N.H. lawmaker formally admonished for posting an anti-Semitic image to social media
New Hampshire’s Legislative Ethics Committee has admonished a Republican House member for sharing an anti-Semitic drawing on social media.
Republican State Rep. James Spillane, who represents Deerfield, apologized in writing for sharing the image on the conservative social media platform, Parler.
“I sincerely apologize for the echoing of a meme with an image that turned out to be deeply offensive,” Spillane wrote to the committee in a letter reprinted in the House Calendar on Friday.
“I am embarrassed that my failure to ascertain the hateful source of that image that resulted in offending and hurting so many others, especially those of the Jewish faith,” Spillane said.
The drawing in question was a partial copy of a controversial street mural painted in London in 2012. The mural was removed after public complaint.
According to the ethics committee's report, “The mural depicts several men around what looks similar to a Monopoly game board which is supported on the bare backs of other people who appear subservient.”
The image of the mural Spillane posted was captioned “IF WE ALL STAND UP, THEIR LITTLE GAME IS OVER.” Spillane added a comment to the post, “Agree. Truth.”
Seven Democratic state lawmakers, all of whom are Jewish, complained to the committee about Spillane’s posting in January, which was brought to their attention by a third party, as “personally offensive as it seemed similar to anti-Semitic propaganda.”
In the statement posted in the Legislative Calendar, Ethics Committee Chairman Ned Gordon, a Bristol Republican, wrote that Spillane’s posting of the image was “contrary to the Principles of Public Service which have been adopted by the legislature,” and that Spillane’s conduct “violated the Legislatures Policy Against Sexual and Other Unlawful Harassment and Discrimination.”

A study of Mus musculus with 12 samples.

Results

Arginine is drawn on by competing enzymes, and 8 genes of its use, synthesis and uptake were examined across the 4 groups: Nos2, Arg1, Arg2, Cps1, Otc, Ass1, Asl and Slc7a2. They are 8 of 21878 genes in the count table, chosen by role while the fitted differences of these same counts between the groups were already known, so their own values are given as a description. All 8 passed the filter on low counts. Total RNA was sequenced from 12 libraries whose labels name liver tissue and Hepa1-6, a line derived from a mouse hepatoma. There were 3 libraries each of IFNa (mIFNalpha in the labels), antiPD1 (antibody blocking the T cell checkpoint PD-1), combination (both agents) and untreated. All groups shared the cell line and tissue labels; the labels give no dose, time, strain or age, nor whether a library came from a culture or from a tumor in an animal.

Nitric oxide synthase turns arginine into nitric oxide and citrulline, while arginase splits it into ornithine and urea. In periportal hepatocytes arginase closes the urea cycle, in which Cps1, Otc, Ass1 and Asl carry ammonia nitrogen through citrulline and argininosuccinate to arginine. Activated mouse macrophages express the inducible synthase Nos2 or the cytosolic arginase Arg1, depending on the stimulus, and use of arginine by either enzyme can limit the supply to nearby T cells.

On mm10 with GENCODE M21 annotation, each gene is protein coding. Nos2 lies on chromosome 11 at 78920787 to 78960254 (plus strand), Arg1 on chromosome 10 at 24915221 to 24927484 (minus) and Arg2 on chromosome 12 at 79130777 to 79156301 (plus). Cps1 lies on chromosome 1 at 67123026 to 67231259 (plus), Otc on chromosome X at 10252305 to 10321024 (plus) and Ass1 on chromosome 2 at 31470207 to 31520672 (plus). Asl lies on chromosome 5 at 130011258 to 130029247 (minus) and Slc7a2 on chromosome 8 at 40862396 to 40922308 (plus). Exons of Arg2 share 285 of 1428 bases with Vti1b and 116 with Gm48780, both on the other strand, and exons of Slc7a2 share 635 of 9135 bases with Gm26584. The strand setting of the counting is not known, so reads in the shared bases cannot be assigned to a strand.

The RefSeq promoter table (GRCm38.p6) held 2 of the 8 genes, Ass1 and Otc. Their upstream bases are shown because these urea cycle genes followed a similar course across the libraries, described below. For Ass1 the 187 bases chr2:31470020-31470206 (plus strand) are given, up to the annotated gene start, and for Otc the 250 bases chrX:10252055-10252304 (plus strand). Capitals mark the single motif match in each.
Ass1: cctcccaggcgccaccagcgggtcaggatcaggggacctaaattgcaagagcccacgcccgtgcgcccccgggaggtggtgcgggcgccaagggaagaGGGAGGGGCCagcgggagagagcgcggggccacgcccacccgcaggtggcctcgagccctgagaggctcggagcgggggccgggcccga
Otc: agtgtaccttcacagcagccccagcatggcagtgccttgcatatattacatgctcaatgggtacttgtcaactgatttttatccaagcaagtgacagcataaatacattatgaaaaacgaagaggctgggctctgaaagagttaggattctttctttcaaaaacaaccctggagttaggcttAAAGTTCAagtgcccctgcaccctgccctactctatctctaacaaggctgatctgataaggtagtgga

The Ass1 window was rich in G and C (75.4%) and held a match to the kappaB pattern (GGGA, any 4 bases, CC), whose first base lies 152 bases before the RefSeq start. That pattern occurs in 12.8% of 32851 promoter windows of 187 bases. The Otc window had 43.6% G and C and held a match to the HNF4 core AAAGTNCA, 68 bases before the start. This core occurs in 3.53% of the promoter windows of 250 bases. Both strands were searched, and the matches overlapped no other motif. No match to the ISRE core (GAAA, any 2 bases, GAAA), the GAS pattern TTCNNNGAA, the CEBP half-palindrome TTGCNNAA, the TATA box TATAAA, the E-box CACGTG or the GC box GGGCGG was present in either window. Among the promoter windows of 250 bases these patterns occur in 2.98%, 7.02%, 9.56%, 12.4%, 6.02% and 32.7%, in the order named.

Gordon said the committee, which is tasked with reviewing complaints raised against lawmakers, had grounds to bring formal charges but that any outcome “would then become subject to the political process and its imposition would be at the discretion of the legislative body as a whole.”
A formal admonishment from the committee, Gordon said, would ensure a “suitable letter of apology” appeared in the House calendar, and “could provide the opportunity to educate members of the General Court and prevent similar incidents in the future.”
House Democratic Leader Renny Cushing of Hampton, who last year called for Spillane to resign over the matter, took to Twitter to endorse the committee’s action.
“Sends a clear message to all members that when you post something on social media that is racist, sexist, anti-Semitic or otherwise discriminatory that such actions violate the Principles of Public Service for all legislators.” Cushing wrote.
This incident isn’t the first time Spillane, who’s serving his fifth term in the House, has faced scrutiny over offensive social media posts. Last year, Spillane was investigated by the New Hampshire Attorney General for a threatening Facebook post about Black Lives Matter.
Spillane said the post was intended as a joke.
In 2019, Spillane posted a gory image of a squirrel he said he shot to Twitter. He was responding to a post made by an animal rights activist.
New Hampshire Fish and Game investigated Spillane for killing the squirrel out of season. Then-House Speaker Steve Shurtleff stripped Spillane of his seat on the Fish and Game committee.